A dog that killed one of the sons of Gambian president Adama Barrow has been put to death. The animal was "humanely" put to sleep by veterinary officers at the Central Veterinary Clinic in the town of Abuko, news website The Point reported.

Habib Barrow, eight, died on the way to hospital after he was bitten by the dog near the capital Banjul on 15 January.

The medical staff confirmed the dog was not infected with rabies, as it was previously thought, but concluded it was safer to put the animal to sleep.

Barrow could not attend the funeral of his son as he was in Senegal due to a political crisis that prompted him, along with thousands of refugees, to leave The Gambia for two weeks.

The country witnessed a political stand-off when previous leader Yahya Jammeh refused to relinquish power in spite of losing presidential elections held in December 2016.

Jammeh eventually agreed to step down and go into exile in Equatorial Guinea following pressure from world leaders and the intervention of foreign troops.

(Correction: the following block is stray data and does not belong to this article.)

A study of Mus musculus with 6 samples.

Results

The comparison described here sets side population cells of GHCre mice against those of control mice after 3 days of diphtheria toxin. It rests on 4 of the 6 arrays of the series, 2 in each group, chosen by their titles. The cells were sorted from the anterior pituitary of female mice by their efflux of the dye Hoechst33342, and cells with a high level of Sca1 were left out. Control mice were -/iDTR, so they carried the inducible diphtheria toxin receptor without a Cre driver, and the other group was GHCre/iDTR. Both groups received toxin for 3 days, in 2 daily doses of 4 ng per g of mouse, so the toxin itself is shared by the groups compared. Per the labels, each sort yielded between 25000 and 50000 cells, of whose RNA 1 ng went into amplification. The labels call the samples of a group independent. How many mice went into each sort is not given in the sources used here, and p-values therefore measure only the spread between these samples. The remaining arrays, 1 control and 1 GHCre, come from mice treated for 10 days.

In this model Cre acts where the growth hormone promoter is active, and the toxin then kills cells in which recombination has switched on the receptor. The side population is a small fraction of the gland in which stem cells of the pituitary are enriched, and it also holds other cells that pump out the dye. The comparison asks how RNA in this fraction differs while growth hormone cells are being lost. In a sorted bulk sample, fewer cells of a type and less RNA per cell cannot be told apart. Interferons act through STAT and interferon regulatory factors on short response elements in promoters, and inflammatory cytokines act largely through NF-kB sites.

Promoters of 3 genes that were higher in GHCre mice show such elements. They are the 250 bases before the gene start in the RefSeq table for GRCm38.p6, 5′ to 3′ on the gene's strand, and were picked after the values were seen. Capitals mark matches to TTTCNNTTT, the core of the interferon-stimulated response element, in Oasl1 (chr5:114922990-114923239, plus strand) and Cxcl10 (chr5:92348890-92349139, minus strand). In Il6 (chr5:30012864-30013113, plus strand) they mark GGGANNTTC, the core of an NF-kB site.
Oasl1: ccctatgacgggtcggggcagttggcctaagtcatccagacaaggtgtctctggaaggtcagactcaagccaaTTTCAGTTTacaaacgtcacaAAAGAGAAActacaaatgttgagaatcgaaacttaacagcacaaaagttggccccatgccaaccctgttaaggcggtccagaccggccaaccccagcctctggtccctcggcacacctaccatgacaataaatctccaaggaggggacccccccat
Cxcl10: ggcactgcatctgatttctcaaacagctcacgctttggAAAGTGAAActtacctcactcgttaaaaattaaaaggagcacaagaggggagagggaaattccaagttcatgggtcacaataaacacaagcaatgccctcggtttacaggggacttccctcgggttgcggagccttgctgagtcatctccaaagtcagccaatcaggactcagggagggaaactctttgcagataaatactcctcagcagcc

Barrow, who returned to Banjul last week, said in an exclusive interview with IBTimes UK religion helped him cope with the loss of his son.

"Religion is helping me cope. In religion, you have to accept destiny," Barrow, a devout Muslim, explained.

"It is a very difficult situation, this kind of things happen and you have to be strong. You have to be committed," he continued. "It takes a strong character and strong beliefs. And that's why we were able to knock out Jammeh, because of our beliefs."